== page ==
MACHINERY and equipment manufacturers have done well despite the intensely competitive situation in the automotive market, largely driven by the ongoing strength of the Australian dollar.
Andrew McKeller, Chief Executive, Federal Chamber of Automotive Industries (FCAI), said automotive manufacturers have done well in maintaining export volumes but expects to see the market flatten out.
“While exports have been consistent, what this means is that it has been difficult for those manufacturers to break into new export markets or expand,” McKeller explained.
He said another challenge for industry will be the Federal Government’s review of industry policy next year.
“Industry will clearly need to focus on the outcomes of this review and ensure that the policy arrangements continue to support future investment in the sector,” McKeller told Manufacturers’ Monthly.
Rod Keane, Executive Director, Manufacturing GM Holden, said the strong Australian dollar is adding pressure to an already hyper-competitive domestic market.
“If you consider the Australian dollar has moved from US56¢ five years ago to around US92¢ to now, that is a huge change in the cost structure in this marketplace, that kind of change in that timeframe is unprecedented.”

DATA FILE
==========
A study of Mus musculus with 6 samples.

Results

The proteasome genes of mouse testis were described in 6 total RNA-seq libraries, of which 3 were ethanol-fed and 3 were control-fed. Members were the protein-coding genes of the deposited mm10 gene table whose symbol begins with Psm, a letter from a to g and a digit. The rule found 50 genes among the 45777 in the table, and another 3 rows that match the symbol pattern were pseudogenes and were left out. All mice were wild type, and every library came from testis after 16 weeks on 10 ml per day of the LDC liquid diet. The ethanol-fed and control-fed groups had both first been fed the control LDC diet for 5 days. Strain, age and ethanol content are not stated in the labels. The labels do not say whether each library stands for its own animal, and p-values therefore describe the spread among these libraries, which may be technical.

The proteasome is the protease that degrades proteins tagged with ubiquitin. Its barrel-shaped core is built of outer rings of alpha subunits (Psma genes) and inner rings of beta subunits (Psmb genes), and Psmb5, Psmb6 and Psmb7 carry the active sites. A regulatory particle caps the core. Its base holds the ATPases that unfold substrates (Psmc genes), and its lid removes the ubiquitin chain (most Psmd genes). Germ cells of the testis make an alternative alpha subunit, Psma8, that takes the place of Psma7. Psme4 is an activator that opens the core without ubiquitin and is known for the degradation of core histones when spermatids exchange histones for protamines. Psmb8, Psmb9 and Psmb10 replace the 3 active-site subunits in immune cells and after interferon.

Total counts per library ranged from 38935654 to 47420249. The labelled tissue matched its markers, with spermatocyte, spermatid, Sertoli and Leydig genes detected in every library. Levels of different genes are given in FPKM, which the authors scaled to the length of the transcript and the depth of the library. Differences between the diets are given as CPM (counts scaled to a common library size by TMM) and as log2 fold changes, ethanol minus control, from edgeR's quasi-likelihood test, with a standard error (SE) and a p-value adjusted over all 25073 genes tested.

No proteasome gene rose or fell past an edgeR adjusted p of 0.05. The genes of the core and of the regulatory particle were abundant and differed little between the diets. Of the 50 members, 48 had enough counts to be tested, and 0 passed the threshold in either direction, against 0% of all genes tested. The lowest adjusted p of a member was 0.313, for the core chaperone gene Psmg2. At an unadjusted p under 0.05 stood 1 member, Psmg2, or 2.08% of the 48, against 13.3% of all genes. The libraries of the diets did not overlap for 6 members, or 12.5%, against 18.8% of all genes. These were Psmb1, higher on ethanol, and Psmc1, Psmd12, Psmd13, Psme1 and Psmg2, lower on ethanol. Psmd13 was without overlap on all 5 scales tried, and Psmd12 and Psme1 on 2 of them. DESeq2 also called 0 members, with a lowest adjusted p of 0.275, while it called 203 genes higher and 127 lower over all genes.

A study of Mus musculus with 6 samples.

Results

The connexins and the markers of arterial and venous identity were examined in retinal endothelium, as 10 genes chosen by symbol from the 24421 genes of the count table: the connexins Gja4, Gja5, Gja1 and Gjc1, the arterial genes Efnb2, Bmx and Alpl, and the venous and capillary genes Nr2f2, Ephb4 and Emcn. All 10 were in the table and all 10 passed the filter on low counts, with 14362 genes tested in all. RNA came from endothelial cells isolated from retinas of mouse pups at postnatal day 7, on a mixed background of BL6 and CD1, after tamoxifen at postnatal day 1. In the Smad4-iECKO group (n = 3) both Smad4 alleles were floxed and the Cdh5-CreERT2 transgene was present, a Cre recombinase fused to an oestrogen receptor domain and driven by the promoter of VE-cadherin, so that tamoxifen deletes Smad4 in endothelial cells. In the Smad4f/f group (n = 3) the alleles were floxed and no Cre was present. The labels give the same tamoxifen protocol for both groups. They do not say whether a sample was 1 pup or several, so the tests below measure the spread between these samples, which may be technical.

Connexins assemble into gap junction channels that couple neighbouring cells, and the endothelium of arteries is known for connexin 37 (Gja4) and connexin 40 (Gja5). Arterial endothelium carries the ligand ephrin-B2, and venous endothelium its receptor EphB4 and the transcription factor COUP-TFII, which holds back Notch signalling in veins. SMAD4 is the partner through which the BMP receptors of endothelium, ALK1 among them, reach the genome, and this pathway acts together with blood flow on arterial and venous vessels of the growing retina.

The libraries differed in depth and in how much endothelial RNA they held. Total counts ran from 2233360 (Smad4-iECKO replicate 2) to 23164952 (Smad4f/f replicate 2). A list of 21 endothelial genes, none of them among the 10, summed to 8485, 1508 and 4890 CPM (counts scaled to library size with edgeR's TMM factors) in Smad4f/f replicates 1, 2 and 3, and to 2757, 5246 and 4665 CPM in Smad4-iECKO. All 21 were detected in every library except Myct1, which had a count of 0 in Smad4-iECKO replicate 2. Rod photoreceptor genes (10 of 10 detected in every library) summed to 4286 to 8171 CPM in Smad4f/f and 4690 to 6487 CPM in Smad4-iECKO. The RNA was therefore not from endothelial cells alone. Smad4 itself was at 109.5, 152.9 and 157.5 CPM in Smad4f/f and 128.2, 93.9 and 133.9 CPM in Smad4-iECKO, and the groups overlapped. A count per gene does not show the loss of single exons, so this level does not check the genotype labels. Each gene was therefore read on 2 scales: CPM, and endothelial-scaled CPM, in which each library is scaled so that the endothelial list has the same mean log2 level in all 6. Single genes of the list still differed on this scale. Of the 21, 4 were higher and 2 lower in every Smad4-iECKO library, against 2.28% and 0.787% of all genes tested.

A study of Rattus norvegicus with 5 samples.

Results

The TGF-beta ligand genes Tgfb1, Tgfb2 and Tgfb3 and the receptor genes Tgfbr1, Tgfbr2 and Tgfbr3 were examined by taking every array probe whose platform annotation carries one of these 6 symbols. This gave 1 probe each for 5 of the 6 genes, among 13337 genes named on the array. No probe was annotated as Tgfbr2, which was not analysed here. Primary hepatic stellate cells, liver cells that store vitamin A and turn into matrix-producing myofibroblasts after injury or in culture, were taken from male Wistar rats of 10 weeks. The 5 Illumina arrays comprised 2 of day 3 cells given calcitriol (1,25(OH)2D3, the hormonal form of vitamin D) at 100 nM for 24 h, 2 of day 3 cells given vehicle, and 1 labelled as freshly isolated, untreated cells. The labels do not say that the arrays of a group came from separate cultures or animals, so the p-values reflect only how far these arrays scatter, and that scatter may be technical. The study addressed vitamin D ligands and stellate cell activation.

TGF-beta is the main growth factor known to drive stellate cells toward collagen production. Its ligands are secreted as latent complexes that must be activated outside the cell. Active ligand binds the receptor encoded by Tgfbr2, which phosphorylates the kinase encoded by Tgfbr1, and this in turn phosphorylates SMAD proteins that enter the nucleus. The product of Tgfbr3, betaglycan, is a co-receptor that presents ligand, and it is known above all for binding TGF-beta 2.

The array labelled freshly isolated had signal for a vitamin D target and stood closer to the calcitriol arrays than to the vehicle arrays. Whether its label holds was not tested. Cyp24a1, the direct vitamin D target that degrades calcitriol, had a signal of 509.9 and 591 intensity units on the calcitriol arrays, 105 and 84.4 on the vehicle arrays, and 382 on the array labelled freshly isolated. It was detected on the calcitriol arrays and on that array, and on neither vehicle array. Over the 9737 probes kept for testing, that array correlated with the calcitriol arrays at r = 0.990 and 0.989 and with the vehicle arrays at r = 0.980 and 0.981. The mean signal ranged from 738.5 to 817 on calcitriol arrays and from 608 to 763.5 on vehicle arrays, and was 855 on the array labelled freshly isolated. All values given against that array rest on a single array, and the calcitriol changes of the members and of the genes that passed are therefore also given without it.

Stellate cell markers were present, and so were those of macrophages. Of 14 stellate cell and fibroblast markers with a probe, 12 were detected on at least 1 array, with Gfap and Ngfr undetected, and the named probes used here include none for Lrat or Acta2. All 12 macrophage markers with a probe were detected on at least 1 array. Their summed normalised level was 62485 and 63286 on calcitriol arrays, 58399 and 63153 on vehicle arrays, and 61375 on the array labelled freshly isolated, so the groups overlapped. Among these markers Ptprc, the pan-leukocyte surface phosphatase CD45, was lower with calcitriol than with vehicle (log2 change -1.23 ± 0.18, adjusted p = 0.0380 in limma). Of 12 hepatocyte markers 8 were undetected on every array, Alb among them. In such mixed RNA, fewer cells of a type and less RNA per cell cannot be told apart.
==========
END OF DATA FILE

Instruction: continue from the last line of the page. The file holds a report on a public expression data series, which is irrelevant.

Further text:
Keane said with a greater influx of brands and models in the domestic marketplace and the fierce global competition in export territories, it’s all about continually improving operational efficiencies for Australian manufacturers.
“Holden has made significant investments in technology to provide productivity, quality and flexibility improvements.
“We also heavily invest in our employers and training to ensure we are globally competitive in what we do,” he told Manufacturers Monthly.
Keane said despite pressures in the marketplace, 2008 is looking to be an exciting year for GM Holden, with the launch of the Pontiac G8s to the US, as well as a forward thinking agenda incorporating changing environmental and consumer expectations.